Is it supposed to be hard to draw a tomato? - Page 2

  1. #31
    At a fundamental level for all life it is the primal mental device whereby the hunter distinguishes its prey; the edible from the forest chatter.
    That, for us higher primates has become to mean that that distiguishes the significant from the random.
    The practical application of this we call science.
    The language of symbols expressing our desire for metaphysical context, we call Art.

    Last edited by Chris Bennett; February 13th, 2011 at 05:07 PM.
    Articulateness is derived mostly from general understanding, not from specifics.
    Which is why synthesis in Science and metaphor in Art is proof of understanding. The details in both are just the hand maidens.




    BLAHBLAHBLAH


    Which is why any fool can kick sand castles over.



    BLAHBLAHBLAH

    Ah, so that's what trolls look like....



    Wrong, this is what trolls look like.

    BLAHBLAHBLAH

    There are no tomatoes in geometry.
    But there are apples in abstract algebra.



    Matthew - not really because there is no context or "tomato information" - it could be a flat basketball - or just a wonky circle because it lacks any shading. A tomato will have variations in texture, convolutions near the stem, a stem, a shiny skin, etc. Render it out all the way, then ask.
    I'll give it a shot, I've never shaded before though.



    Sorry to have to ask, but does what I posted look like a tomato?
    What are the distinguishing characteristics of a tomato? If you came upon a fruit in the supermarket how would you know it was a tomato and not some kind of squash?

    What are the distinguishing characteristics of a tomato? If you came upon a fruit in the supermarket how would you know it was a tomato and not some kind of squash?
    I suppose I don't know how to draw those characteristics (besides coloring the thing red).

    I suppose I don't know how to draw those characteristics (besides coloring the thing red).
    That's one way to do it. It might also have a stem or the thing that's left behind when the stem comes off. There might be a sticker. It might be shiny and waxed. You could cut it open and display the innards, which are pretty unique.


    Besides, the REAL question, is if it's a tow-ma-toe, or a tow-may-toe.


    I suppose I don't know how to draw those characteristics (besides coloring the thing red).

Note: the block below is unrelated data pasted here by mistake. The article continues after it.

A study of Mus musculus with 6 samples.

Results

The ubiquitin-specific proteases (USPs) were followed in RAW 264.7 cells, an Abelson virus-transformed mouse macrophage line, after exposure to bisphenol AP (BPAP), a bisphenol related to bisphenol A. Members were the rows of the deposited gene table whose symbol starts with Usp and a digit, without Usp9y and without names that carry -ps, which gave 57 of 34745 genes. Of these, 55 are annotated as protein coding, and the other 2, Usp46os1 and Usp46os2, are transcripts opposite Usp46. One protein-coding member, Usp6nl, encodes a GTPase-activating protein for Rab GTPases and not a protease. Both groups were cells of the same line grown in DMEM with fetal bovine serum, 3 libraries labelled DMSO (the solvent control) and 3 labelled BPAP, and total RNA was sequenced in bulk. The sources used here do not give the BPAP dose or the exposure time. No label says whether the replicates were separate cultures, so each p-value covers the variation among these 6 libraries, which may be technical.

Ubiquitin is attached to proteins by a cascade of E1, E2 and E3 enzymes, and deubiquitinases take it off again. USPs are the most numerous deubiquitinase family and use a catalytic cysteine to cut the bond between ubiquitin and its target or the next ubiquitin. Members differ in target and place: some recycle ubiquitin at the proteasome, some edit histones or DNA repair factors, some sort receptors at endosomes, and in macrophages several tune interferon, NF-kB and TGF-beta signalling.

Do it anyway. You might screw it up and that's probably a good thing. Post your failures and let people guide you to do better next time. You won't learn by not trying.


    For the record.

    I was once on the receiving end of a critique so savagely nasty, I marched straight out of class to the office and changed my major (sketchbook).

    "I've had a perfectly wonderful evening. But this wasn't it" - Groucho Marx

    Like he often would have a strong outline around the fruits, he distorts the objects that the fruits sit on into these impossible angles, and there is rarely a clear single light source. But the final outcome are these vibrant paintings that seem to come to life

    so yeah I think its good you actually analyze what you're drawing, but as others have said, you dont have to copy nature, its impossible, your painting will always be an illusion of it, so might as well do it how you interpret nature rather than copy it.









    WHAT THE-

    Last edited by FourTonMantis; February 15th, 2011 at 02:30 PM.


    Then I was wondering why everyone was posting vegetables, and was gonna say "that's not funny".

    You should always try to copy what you see. To advise otherwise encourages pretension and superficiality.
    I concur. Interpreting is fine but you should learn accuracy first.

    However, in obtaining accuracy, perfectionism can be a hindrance. I looked at your history here. You mentioned your perfectionism and it's taken you quite a while to finally post something. And after all this time, the one thing you've posted is a round outline of a tomato. That's it.

    So my advice is to try and let go of your perfectionism for now, and instead of spending all your time trying to get one perfect tomato, you should quickly sketch out 20, 50, or even 100 different vegetables in that time. By the 100th one, you'll surely have increased accuracy and better observation skills. You'll have a lot of bad drawings but you'll actually improve. At the current rate you appear to be going (based solely on what you've posted here, I don't know if you've done behind-the-scenes work), improving will take a looong time.

    I have to do the same thing. I was doing ugly self portraits for a while but decided to focus more on perfection. The result has been procrastination an no improvement. So I'm going to have to just keep sketching my face instead of trying to render everything perfectly.

    But there are apples in abstract algebra.
    There's no crying in baseball.

    oranges are harder to draw than apples.
    If there was one fruit I'd point to as a farmer conspiracy against artists, oranges would probably be it. Fucking oranges.

    You should always try to copy what you see. To advise otherwise encourages pretension and superficiality.
    That's an interesting idea. Can you elaborate?

    If one says,
    "You should always try to copy what you see. To advise otherwise encourages pretension and superficiality,"

    but if one says
    "You should never try to copy what you see. To advise otherwise encourages pretension and superficiality,"

    Both ring equally true, though both seem mutually exclusive.

    Thinking about it more closely,
    I would say trying not to copy exactly certainly can encourage pretense,

    and trying to copy exactly can certainly encourage superficiality.

    Still one does not arrive at any firm conclusion.